There’s something very brave about Mark Brennan Rosenberg’s voice. In Eating My Feelings: Tales of Overeating, Underperforming, and Coping with My Crazy Family, Rosenberg is often abrasive, obnoxious, and sexist. But he’s also hilarious, blithely thumbing his nose at taboos, political correctness, and politeness. His literary voice acts a sort of Id, saying things about others that his readers may profess shock and dismay at, but are still snickering at his brilliant use of sarcastic humor.
Eating My Feelings, as the title suggests, details the story of Rosenberg’s struggles with food – but once he loses the weight, he comes to learn that he doesn’t become instantly happy. Obviously, at this point in our culture with libraries of self-help books pushing this message, Rosenberg’s story arc may seem a bit obvious and trite. But it’s not because he’s such an engaging and funny writer, that readers will find some priceless passages of writing. His story of growing up, overweight with a foul and unpleasant stepmother who acts as his arch nemesis beautifully throw out the clichéd “coming of age” tale by featuring a thoroughly unlikable lead. He becomes an anti-hero because his jaundiced view of his world, while often justified, is sour – and he provides a caustic commentary on his childhood. And we can’t help but like him – he’s what would happen if Christina Ricci’s Dedee Truitt from The Opposite of Sex became a gay man and wrote a book. Instead of being smiley and chummy, Rosenberg dares you to read him by being brutally honest in his often unkind point of view.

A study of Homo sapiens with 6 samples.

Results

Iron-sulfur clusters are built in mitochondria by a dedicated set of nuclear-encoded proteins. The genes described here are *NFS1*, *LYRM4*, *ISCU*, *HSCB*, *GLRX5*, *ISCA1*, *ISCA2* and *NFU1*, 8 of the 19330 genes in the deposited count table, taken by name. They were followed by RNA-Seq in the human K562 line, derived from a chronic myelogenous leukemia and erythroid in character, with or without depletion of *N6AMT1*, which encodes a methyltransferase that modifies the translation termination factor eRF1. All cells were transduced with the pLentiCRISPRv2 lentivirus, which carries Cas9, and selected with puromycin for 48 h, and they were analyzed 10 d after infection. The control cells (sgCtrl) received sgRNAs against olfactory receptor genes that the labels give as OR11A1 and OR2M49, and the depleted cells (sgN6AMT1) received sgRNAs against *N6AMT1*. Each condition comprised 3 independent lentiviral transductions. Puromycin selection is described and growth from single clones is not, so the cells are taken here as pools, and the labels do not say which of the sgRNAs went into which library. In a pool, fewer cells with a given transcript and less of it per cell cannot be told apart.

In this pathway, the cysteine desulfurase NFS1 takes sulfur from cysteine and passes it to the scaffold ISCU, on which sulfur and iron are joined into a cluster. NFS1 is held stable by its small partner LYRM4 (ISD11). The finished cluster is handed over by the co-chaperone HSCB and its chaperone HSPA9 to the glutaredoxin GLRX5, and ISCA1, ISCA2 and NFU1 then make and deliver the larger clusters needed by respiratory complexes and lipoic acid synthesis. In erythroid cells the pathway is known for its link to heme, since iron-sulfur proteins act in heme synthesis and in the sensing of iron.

Because he was heavy, gay and a product of a fractured home, his life story could’ve been the kind of maudlin, if well-intentioned, memoir meant to inspire his readings. But Rosenberg hates all that schmaltz. He writes of experiences at a fat camp with a devastatingly candid and skewering wit. And despite his taste for mainstream pop music, his aesthetic comes close to anarchist punk – an expert combination of David Sedaris and Lou Reed. He’s savage in his assessment of those around him, and no one – even his loved ones – are painted as plaster paints; nor are his relationships gooey and full of Valentine’s Day slogans. Instead, he surrounds himself with people that bounce well with him, and can sling the insults just as well as he.
Once he grows up he sheds the pounds and reinvents himself as a muscle hunk. But life doesn’t become easier, because years of overeating and drowning his emotions has created a bit of an emotional wreck. His love life is just as fraught with angst and disappointment as his childhood, and thankfully, readers are treated to just as much caustic wit during these passages, as well.
And even with all the jokes, there’s still emotion and heart to Eating My Feelings. Rosenberg’s not lachrymose in his prose, but he is emotional at times – and again, there’s courage in his allowance of poignant moments, because it would be too easy for the guy to paint himself out to be a tough-talking smart ass. And he is, but he’s also a human being, who gets bruised by love and comforted by his great friends and loved ones. It’s in these quieter moments that Rosenberg lowers his fuck-you façade and lets his readers see that beneath the sometimes-jerky extrovert, there’s a soulful and genuine soul. And it’s the great juxtaposition of the two sides of Rosenberg’s literary persona that makes Eating My Feelings such a great read.